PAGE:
July 20, 2012
By Lucy Cabrera, translated from El Correo de Queens
Lunch hour at Queens College has seen a great transformation since spring 2012 when Steven Appel created Lunchtime 2.0
Lunchtime 2.0 has changed the college’s cafeteria from a place where students usually eat, socialize and have fun with classmates with similar backgrounds, into a place where they also have an opportunity to socialize with students with different views of life.
Appel, assistant director and co-founder of CERRU (the Center for Ethnic, Racial and Religious Understanding at Queens College), points out that “this is a good way to bring people together. In this informal setting, students from different backgrounds have the chance to talk about their customs and traditions, as well as their worries and dreams for the future.” In his opinion, Lunchtime 2.0 seeks to develop the necessary cross-cultural empathy and understanding that is often difficult to achieve among students of different backgrounds.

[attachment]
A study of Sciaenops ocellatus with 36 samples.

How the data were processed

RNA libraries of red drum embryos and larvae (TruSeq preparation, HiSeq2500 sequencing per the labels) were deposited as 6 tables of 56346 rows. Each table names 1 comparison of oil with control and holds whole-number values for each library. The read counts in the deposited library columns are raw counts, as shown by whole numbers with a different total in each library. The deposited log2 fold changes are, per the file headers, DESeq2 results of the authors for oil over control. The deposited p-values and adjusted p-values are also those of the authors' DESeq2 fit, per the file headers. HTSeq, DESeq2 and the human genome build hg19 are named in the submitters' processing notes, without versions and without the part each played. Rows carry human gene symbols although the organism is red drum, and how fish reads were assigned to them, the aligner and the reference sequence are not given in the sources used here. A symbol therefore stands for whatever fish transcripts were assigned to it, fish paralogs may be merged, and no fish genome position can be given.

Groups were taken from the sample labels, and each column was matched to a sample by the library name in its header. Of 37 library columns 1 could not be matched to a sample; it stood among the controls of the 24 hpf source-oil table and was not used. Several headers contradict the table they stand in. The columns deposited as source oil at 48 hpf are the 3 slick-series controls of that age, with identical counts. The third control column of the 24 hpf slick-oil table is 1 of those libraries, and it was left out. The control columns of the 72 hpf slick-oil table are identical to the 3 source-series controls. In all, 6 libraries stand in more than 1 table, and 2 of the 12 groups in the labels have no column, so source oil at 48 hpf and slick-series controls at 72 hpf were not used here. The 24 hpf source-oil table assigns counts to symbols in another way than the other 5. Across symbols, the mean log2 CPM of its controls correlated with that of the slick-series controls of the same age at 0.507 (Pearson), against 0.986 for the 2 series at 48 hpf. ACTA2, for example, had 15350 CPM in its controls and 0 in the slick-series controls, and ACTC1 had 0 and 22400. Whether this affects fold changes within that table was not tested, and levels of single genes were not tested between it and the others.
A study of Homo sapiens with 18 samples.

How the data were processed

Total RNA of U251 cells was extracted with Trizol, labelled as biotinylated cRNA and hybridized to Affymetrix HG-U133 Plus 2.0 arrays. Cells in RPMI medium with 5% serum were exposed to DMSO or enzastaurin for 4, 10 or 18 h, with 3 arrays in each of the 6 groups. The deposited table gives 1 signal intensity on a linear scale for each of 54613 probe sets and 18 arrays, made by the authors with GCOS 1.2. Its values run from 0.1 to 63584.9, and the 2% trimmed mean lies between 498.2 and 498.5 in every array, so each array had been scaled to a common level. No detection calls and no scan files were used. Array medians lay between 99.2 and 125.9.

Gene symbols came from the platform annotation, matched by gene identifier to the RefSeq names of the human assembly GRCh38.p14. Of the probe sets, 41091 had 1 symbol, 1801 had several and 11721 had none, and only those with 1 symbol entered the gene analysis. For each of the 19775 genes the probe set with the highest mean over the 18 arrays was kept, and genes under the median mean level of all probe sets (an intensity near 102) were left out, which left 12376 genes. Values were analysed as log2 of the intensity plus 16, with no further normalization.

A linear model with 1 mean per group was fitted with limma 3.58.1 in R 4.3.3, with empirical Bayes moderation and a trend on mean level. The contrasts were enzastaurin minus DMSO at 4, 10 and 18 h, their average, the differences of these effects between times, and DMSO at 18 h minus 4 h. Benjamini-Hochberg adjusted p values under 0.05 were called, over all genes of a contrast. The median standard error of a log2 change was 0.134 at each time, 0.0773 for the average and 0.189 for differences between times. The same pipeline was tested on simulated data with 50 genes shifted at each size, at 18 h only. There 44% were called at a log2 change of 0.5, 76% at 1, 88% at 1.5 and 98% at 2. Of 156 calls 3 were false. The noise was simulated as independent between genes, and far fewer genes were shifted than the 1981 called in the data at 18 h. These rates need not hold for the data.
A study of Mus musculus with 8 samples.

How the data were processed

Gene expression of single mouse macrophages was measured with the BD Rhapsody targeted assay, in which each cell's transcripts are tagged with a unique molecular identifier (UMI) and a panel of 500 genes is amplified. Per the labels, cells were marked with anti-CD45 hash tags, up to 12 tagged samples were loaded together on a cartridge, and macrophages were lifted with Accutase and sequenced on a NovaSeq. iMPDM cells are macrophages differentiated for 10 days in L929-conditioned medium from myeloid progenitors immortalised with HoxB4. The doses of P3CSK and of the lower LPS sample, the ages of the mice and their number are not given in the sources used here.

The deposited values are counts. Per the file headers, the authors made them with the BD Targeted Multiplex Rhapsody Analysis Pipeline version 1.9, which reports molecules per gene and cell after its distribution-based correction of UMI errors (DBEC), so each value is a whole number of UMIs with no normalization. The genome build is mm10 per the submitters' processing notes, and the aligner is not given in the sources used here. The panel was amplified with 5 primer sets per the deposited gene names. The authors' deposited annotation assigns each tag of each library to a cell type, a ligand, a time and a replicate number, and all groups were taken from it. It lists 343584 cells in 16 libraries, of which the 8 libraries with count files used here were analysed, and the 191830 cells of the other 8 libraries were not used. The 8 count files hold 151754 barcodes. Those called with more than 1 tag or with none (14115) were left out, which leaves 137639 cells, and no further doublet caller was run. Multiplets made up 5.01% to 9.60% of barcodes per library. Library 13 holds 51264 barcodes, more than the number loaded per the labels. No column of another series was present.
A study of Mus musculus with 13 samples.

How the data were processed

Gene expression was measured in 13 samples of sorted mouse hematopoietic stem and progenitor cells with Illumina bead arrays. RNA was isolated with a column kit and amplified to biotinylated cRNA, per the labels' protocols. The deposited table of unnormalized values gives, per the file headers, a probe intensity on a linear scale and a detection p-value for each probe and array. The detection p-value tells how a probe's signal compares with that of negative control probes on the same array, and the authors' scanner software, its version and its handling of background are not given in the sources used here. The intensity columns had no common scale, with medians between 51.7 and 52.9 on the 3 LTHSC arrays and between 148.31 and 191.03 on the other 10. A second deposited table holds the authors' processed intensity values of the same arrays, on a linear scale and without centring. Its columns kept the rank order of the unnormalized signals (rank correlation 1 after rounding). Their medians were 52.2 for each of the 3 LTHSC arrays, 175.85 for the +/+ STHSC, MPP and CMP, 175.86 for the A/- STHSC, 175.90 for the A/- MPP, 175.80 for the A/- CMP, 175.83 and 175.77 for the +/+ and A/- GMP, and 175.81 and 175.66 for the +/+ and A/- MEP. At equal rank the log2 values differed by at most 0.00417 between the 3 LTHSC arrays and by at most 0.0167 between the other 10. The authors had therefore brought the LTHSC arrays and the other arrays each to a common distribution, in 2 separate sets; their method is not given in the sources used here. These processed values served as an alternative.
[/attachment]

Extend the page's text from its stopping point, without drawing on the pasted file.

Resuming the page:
Lunchtime 2.0 was designed to promote understanding and communication within the diverse student body at Queens College. Its main objective is to get students talking about their cultural backgrounds and ideas that matter.
Appel worked for a year developing Lunchtime 2.0. The program was so successful last semester that it will be offered again in the fall.
This initiative, supported by CERRU, builds on the philosophy behind Web 2.0 and increases cross-cultural interconnectedness in physical space, not just cyberspace.
Appel believes the program will continue to grow. “We shouldn’t underestimate the positive social change created by these interpersonal experiences for our students and for our country,” says Appel, who is also creating a manual to export the program to other high school and college cafeterias.